Everyone loves to hate an archvillain. In the tech industry, it has been clear for some time now that Microsoft is no longer up to the role -- you can't have an archvillian that keeps spouting empty threats -- so auditions have opened for a successor. Could it be Apple? Antennagate and those restictive App Store policies make its candidacy plausible. Google? Equivocation on the China issue and flirtation with deals that damage Net neutrality show promise. Facebook? Sure, but it's not exactly a tech goliath.
Then along comes Oracle. By suing Google over Android's supposed infringement on Java patents, Oracle has confirmed the worst fears of those who questioned its stewardship of Java. In one bold stroke, the company has damaged the most promising alternative to the iPhone, hastened Java's slide into legacy-hood, and thumbed its nose at the open source community -- both by enforcing Java patents and, in a flourish worthy of The Joker, deep-sixing OpenSolaris on the same day. (MySQL customers, how are you feeling right about now?)
Such evildoing rivals a monster round of Goldman Sachs bonuses. But does Oracle in the archvillain role have legs? Outside of the tech world, nobody hears much about Oracle apart from its acquisitions: PeopleSoft, Siebel, BEA, Sun. Otherwise, Oracle keeps a pretty low profile for a $113 billion company.
Messing with the popular Android consumer play changes that a bit, particularly if the lawsuit drags on for years in the public eye. And there's plenty more, beginning with the Sun acquisition and subsequent brutal layoffs. That's part of a pattern: Around Silicon Valley Oracle is known as the Bermuda Triangle of predators, devouring all sorts of companies with promising technologies and being less than gentle with their personnel. Throw in a combative CEO, exorbitant software maintenance fees, and a hardball company culture, and might we have a winner?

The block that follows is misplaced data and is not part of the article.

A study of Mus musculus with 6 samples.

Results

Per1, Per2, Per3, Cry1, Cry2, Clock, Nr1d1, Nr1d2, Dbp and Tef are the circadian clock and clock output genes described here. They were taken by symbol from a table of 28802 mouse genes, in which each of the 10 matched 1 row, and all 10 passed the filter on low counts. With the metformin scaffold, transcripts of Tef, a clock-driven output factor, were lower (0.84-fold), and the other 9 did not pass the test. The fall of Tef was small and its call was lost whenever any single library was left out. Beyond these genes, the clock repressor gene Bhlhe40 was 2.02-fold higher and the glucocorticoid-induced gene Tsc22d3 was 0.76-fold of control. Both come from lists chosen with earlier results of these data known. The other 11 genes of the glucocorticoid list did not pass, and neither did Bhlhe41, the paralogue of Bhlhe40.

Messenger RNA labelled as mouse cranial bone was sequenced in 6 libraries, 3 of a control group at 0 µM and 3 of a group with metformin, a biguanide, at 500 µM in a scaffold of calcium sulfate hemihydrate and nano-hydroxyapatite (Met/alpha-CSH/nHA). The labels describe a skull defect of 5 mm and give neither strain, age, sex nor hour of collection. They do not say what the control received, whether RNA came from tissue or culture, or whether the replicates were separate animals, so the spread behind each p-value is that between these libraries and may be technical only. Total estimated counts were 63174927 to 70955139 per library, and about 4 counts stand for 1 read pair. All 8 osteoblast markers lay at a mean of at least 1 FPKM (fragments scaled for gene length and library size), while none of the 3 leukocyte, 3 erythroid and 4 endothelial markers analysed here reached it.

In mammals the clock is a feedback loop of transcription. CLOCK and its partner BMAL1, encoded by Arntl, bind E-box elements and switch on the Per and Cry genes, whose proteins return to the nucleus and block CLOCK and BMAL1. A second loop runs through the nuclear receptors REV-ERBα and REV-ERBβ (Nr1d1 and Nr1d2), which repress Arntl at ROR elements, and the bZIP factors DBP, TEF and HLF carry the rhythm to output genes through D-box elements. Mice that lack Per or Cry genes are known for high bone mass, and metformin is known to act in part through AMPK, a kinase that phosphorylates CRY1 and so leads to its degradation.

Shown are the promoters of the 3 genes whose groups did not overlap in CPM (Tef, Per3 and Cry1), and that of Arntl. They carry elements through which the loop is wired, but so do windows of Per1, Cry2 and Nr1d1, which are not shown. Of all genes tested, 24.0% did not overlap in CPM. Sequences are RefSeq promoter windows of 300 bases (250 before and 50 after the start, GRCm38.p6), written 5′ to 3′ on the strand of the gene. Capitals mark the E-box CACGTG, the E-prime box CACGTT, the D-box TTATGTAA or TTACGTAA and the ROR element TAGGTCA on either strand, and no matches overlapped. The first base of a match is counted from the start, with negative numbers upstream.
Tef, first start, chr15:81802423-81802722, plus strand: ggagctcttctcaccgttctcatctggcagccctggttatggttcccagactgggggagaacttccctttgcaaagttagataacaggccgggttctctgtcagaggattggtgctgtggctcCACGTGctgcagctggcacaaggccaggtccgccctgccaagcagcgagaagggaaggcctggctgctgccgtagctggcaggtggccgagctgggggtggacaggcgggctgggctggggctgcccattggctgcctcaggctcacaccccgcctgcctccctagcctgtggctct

Ultimately, I think not. Like Microsoft, Oracle dominates software categories no longer considered leading edge -- except that Oracle's core database, ERP, and application server businesses are even less exciting than desktop software. Who can blame the company for taking stock of its portfolio and figuring a way to, for lack of a better word, monetize it (and perhaps get a piece of the mobile pie)? We're at an interesting point in the tech industry when the old lions seem bereft of big new ideas but, because the law of the jungle never changes, will not shy away from any means necessary to stay on top.